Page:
It was the winter of '98 and I had already been in Alaska for two years when I finally decided it was time to learn to ski. I bought skis, boots, bindings - the whole package - and I started the weekend pilgrimage to Turnagain Pass. 15+ years ago the Pass was a different place. There were all of 30 skiers who frequented the place and everyone knew everyone. I started showing up and within a few weeks the long time cadre of local skiers took me under their collective wings. ( Read more... )
...then the fun started. What in May had been a simple skin now required a traverse across a shifting groaning rock glacier. The traverse started with a jog across the Bellicose/Benign gully to a safe-enough zone where we transitioned from sneakers to mountain boots. Then up and across the rock glacier which consisted of glacier ice covered with mud and rock that shifted with every step. It should be mentioned that above the rock glacier is wall of loose rock that is routinely shedding the ubiquitous microwave-sized block... ( Read more... )
Read more for additional pictures and a ridiculously detailed route description. ( Read more... )
With sun and high temps in mind Jake and I set out to try the NW Ridge of Williwaw. We tromped up and over the Ballfield, dropped down next to Williwaw Lake and then trudged up the scree pile that is at the base of the NW Ridge. Then up the steep and exposed NW ridge to the summit of Williwaw.
Icicle Peak route profiles and pictures. ( Read more... )
Ignoring tradition, history and local ethics we vow to rename this route. From henceforth it will be called Thin White Mank. ( Read more... )
Todd exiting Falls Lake Couloir.
Falls Lake couloir looked beautiful and untouched. So up and up the perfect splitter couloir to the ridge. Then down boot deep powder and heavy sluff to the valley floor and sun. ( Read more... )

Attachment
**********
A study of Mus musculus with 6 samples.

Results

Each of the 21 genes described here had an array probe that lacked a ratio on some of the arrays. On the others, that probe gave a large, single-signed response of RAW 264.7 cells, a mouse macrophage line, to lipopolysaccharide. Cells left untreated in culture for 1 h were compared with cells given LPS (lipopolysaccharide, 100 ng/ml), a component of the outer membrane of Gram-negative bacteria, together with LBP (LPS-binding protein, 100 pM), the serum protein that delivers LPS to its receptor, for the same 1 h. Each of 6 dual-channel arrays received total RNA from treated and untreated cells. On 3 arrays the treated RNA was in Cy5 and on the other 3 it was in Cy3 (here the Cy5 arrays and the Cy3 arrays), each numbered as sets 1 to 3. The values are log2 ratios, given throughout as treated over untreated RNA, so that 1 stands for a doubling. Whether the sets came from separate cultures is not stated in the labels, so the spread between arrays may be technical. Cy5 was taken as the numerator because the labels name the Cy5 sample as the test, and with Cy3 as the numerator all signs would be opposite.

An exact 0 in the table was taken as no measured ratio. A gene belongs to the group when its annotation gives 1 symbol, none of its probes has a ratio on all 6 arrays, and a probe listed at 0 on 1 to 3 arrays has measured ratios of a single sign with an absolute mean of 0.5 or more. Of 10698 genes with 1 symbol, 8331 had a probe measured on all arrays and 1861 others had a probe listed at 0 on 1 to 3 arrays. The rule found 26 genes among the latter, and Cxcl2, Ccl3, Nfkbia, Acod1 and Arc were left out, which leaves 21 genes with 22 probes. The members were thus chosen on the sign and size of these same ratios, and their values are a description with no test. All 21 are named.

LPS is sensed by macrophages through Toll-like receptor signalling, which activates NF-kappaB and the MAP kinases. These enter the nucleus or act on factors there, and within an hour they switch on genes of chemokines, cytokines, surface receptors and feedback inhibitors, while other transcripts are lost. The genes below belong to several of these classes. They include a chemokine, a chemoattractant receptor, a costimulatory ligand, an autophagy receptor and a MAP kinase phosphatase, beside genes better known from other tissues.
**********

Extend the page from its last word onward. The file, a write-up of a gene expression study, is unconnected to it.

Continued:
Photo by Eric Parsons.
Tis the season for post-work couloir skiing. Get up early, work till 3 or 4, ski hard till 7 or 8. Eat, sleep, and repeat. ( Read more... )
Peter above the Arm
Sun, snow and stability continues to linger in Southcentral Alaska, so we chose a steep up-track that we normally wouldn’t touch due to exposure from above. We tromped up the steep tree covered ridge topping out on a sharp ridgeline 3000’ above the Arm. Then across the subpeak searching for powder until finally having to remove skis and downclimb 500’ of rock and tundra to a protected bowl with boot deep powder. ( Read more... )
Heavy snow and low visibility kept us close to home searching for treed slopes untouched by wind. Surprisingly enough we found both and spent the day meadow skipping yellow slopes. The only thing we found above treeline was vertigo so we kept the runs short and had fun picking our way through the alders. Sun crust is forming on SW slopes and obvious wind lips have formed on rollovers making terrain traps not an option, but NW slopes were holding knee deep dreamy powder. Todd was in his element and schooled us all on how to ski tight alder runs gracefully. Scott schooled us on how to properly raise a ski dog, even if the dog does hail from Taiwan. I schooled them on how bash through trees helmet first and fall properly. I'll apologize upfront for another Garcia tune. Sometimes I get in a rut.